Living With Disappointment

Have you ever been disappointed by someone?

Of course the answer for all of us is, “Yes.”  It would take only a moment to make a list. Our disappointments lie close to the surface, along with other painful memories.

Do you tend to put people on pedestals or idealize institutions?  Are you prone to hero-worship? Do you have a tendency to trust?  Does “hope spring eternal” in your heart? If so, then you have really suffered.

Some of us quit expecting much out of our sorry race a long time ago. Since then people have consistently lived up to our low expectations. But even hard-core cynics get disappointed sometimes.

How we respond to our disappointments determines the course of our lives perhaps more than any other single factor.  Take a few quiet moments to go through your list, and remember how you responded to each one.  If you are like me, some of your worst decisions were unwise responses to disappointments.

Looking back the other day, I was distressed to see how much I have allowed the failures, weaknesses, blunders and sins of others to damage my life.  “Allowed?”  Yes!  More than allowed. I chose.

I chose to allow disappointments to wreck my college experience.  I was young and immature with high ideals and unrealistic expectations, ripe for a let down.  And of course it came.

I wish a trusted mentor had come along with a simple question: “OK, they let you down. Are you going to choose to allow their failures to keep you from reaching your goals?”

In fact someone may have tried to tell me that.  I don’t remember.  If they did, I shut them out, preferring unconsciously to be a victim.  Instead of renewing my own desires and purposes I became an expert in other people’s problems–as they seemed to me.

Crazy? Yes.

Costly? Beyond measure.

I wish I could say that was the only time.  It was a big one, but I have chosen to respond similarly to scores of other disappointments, allowing the shortcomings of others to set the course of my life. My life!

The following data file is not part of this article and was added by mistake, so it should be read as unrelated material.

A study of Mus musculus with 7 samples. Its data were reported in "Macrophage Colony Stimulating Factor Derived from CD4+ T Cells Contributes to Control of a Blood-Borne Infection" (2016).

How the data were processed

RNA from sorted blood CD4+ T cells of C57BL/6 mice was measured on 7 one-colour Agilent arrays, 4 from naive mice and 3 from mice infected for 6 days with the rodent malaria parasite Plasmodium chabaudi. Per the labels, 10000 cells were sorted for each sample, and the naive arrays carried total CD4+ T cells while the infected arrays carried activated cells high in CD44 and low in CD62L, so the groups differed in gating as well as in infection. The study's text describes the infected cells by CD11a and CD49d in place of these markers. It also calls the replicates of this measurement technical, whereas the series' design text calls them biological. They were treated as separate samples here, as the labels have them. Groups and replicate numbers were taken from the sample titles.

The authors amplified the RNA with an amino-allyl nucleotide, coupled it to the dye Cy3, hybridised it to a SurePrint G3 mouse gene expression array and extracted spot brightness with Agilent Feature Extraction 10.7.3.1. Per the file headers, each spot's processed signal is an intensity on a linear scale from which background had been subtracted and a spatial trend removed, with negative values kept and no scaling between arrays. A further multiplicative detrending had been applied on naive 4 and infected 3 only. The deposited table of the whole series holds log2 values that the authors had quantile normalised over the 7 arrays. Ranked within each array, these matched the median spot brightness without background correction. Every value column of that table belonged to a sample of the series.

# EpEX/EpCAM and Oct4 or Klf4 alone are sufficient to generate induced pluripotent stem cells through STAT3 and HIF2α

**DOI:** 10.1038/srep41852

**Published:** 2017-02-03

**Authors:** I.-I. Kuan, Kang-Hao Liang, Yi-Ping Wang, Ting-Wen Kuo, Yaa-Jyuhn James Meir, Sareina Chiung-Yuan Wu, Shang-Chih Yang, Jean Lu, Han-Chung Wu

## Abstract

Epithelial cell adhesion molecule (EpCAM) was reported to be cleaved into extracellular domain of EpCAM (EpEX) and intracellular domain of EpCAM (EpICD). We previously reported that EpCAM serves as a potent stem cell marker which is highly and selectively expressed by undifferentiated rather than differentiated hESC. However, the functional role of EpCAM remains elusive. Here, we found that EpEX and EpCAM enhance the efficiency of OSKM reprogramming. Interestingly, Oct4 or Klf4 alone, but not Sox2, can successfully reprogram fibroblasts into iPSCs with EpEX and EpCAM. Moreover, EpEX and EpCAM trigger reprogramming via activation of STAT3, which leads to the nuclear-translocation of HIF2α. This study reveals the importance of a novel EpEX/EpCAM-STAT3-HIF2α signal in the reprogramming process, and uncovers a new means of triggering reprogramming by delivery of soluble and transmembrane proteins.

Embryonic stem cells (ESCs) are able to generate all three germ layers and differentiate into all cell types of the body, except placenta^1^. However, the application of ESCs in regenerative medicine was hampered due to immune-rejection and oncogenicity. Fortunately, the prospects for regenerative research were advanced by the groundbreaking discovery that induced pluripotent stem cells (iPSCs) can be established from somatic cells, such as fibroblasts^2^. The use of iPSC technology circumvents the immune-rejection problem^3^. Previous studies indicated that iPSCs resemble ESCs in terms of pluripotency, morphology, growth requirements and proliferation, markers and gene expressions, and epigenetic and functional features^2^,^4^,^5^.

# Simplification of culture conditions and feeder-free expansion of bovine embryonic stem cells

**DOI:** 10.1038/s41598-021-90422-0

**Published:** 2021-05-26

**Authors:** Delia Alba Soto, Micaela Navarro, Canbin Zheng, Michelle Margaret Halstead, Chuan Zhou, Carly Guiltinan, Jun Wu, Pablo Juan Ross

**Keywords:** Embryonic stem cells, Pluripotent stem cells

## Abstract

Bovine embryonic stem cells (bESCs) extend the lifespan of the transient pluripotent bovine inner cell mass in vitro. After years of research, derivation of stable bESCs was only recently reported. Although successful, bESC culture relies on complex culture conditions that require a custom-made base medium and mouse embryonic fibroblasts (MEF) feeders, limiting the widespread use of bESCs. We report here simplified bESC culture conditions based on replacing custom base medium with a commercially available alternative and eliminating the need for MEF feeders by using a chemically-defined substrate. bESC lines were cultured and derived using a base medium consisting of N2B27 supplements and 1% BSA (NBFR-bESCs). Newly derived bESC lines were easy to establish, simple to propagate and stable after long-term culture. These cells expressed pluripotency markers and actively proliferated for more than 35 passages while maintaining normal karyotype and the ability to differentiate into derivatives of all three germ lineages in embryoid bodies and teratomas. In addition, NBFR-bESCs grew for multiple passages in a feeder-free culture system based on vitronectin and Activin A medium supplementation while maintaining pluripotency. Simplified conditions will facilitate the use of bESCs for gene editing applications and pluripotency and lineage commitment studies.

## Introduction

The best way to minimize the chances of this happening is to have a clear and compelling goal, something we see so clearly and want so badly that we will allow nothing to stand in our way.  Certainly not the weaknesses of someone else!

But there is a second key, just as important: accepting that in the face of disappointment I always have a choice.  For some reason this truth is often very difficult to take.

There are always a number of possible responses, and we will choose one of them.  Not choosing is not an option.  And choosing to believe we don’t have a choice is the most destructive choice of all.

What about when we disappoint ourselves?  I’m disappointed with myself for the way I responded to my earlier disappointments. Ugh! These things can layer up.

How will our past failures, blunders and sins shape our lives from now on?  That is largely ours to decide.

Will we choose to wallow in regret, self-pity, anger or despair? It’s hard to imagine choosing any of those options, but many do.

Will we choose to look for someone else to analyze and blame?  If we lack a compelling goal, probably so. Or if our deeper goal is to avoid responsibility at all costs–a very costly goal indeed.

In Christ we are invited to expect great things for ourselves and others.  That is as it should be.  But along the way we will disappoint each other.  We will disappoint ourselves. We might even disappoint God, though He is pretty hard to surprise.

We will not live up to each other’s hopes and expectations, or our own.  Sometimes we won’t live up to our explicit commitments.  We will certainly not realize all our potential — for evil as well as good, thankfully.

How will we choose to respond to these failures?  Do we have a compelling vision that will keep us pressing on, like St. Paul, no matter what? Or will we get side-tracked, de-railed, stuck?

Let’s decide to allow nothing — not others, not ourselves — to keep us from realizing Christ’s purposes for us in His Kingdom. When His purposes become our compelling vision and His Kingdom our ultimate reality we have something durable to carry us through failure.

Choose to seize every disappointment and make it sharpen your focus, strengthen your resolve, activate your creativity, and take you into deeper communion with Him.

Can we choose to support each other in this vision?


Philippians 3:13-14

But one thing I do: forgetting what lies behind and straining forward to what lies ahead,      I press on toward the goal for the prize of the upward call of God in Christ Jesus.